A participant asked me “…after three years of telecentre.org’s work, how has the telecentre landscape changed, what can you say about the future?” I looked at him and smiled in admiration. He had just posed a great question – one that needed a cute response. The thing is, I had only two minutes to respond.
This was at the end of the international workshop on sustainability of telecentres in Lusaka (June 2008). I have not stopped thinking about that question ever since. Actually, I could use help here to add more texture. How would you respond to that question, if it were asked on you? First, the following was my response (with a little detail to sweeten it for you).
1. There is now a far greater appreciation of the value of collaboration among telecentre practitioners, development partners, researchers and innovators around the world. You sense, everyone knows nothing much will happen in solo. Today, telecentre.org is working with the same local partners with; IICD (in Bolivia), UNDP (in Egypt), European Union (in Europe), Intel and HIVOS (in Uganda) and USAID, UNESCO, IICD (in Mali) just to mention, but a few. Recently, when UNESCAP designed its project that would essentially “transform a couple of telecentres into knowledge hubs” they chose to work through networks and existing players – quiet telling indeed.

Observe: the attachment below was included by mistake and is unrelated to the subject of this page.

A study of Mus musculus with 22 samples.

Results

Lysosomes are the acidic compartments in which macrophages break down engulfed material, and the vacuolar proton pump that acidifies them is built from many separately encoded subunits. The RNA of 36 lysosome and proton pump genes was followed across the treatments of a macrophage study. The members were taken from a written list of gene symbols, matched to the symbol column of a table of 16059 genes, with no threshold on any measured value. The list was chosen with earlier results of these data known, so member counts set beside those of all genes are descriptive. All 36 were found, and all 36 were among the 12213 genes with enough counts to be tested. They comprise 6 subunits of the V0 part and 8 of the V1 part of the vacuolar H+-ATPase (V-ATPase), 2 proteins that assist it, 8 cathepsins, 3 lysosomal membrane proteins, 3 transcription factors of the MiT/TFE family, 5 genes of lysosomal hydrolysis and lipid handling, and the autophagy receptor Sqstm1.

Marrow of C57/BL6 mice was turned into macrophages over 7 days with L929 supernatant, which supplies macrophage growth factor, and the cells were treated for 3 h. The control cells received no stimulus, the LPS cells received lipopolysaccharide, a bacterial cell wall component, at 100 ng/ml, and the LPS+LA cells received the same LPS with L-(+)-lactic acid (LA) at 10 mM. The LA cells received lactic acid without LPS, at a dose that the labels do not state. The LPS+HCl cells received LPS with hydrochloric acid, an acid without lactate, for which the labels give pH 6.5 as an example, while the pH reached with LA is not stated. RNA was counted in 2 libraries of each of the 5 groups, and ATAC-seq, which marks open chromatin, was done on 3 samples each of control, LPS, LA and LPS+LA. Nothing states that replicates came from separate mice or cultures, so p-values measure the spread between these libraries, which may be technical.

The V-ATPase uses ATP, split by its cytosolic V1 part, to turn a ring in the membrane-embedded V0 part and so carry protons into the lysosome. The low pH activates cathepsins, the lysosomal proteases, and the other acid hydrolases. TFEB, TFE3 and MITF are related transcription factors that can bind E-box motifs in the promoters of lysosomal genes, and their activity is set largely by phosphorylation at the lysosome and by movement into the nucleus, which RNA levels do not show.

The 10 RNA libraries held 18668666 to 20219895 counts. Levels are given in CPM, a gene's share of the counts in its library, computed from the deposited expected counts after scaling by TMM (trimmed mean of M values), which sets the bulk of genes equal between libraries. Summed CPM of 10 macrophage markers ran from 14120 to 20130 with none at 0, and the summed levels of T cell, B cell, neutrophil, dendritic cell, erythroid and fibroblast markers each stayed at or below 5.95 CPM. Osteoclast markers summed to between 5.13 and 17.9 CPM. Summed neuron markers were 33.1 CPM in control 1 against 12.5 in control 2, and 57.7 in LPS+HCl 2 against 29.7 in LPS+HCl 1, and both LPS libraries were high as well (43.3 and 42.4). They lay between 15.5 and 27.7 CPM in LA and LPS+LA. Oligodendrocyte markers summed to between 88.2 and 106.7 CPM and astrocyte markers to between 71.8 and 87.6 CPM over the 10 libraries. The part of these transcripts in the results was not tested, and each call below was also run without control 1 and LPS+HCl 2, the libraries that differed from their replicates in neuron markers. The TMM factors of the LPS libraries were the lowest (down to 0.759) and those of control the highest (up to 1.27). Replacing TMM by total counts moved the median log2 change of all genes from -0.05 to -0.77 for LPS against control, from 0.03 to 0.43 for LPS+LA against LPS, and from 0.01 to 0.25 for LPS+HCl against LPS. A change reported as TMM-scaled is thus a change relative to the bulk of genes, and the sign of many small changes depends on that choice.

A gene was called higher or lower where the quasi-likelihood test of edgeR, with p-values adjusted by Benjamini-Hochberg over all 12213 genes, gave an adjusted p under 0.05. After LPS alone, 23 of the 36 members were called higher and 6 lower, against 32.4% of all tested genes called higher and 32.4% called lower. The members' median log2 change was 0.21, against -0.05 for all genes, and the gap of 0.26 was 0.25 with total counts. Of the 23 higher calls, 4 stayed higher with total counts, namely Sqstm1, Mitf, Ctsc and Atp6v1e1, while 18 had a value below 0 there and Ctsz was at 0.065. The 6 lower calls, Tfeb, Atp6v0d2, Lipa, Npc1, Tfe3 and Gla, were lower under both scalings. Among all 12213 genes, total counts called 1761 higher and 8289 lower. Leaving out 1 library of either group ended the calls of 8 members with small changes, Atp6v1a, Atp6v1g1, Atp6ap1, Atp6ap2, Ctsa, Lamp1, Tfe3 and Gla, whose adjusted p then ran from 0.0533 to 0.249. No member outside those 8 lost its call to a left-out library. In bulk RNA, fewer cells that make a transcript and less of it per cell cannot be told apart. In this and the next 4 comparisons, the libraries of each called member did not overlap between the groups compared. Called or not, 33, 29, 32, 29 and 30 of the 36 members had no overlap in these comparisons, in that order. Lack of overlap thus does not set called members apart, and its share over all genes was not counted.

2. Networks have emerged or been strengthened to sustain this spirit of collaboration in India, Bangladesh, Sri Lanka, Europe and Mozambique as well as other places.
3. The telecentre community is now recognised as a critical channel to emerging markets and bridging the digital divide in many countries. Networks are playing a critical role in this process. Intel is testing touch screens and handheld health support devices with UgaBYTES in Uganda and testing Classmate PCs in telecentres with Bangladesh Telecentre Network in Bangladesh - just two examples.
4. There is more and more interest in knowledge sharing among telecentre practitioners in Asia, Africa, Latin America and Europe – creating a telecentre.org community.
5. We have moved from deliberating on just how much telecentre practitioners need new skills to be effective to delivering concrete skills training through staff exchanges and telecentre academy.
6. The telecentre community has a charter that bonds them together, available at: www.telecentre.org. Actually, if you haven’t added your name there, go on and do that now. For the first time, you have Arabic, French, English, Spanish and Portuguese speaking telecentre community all together in this global community.
As for the future, it is pretty bright to me. We shall see stronger networks that broker services community development services. They will have a lot of respect within their communities to negotiate favourable deals. For the moment, I think networks have not unleashed their full potential, we are pretty much in setting systems and branding etc. I feel, this will happen in the next year - telecentres will get more concrete.
Social enterprise has emerged as one way telecentres can balance social and financial objectives. We shall see more telecentre networks and telecentres using social enterprise as preferred management approach.
It is your turn to add a comment… what do you say?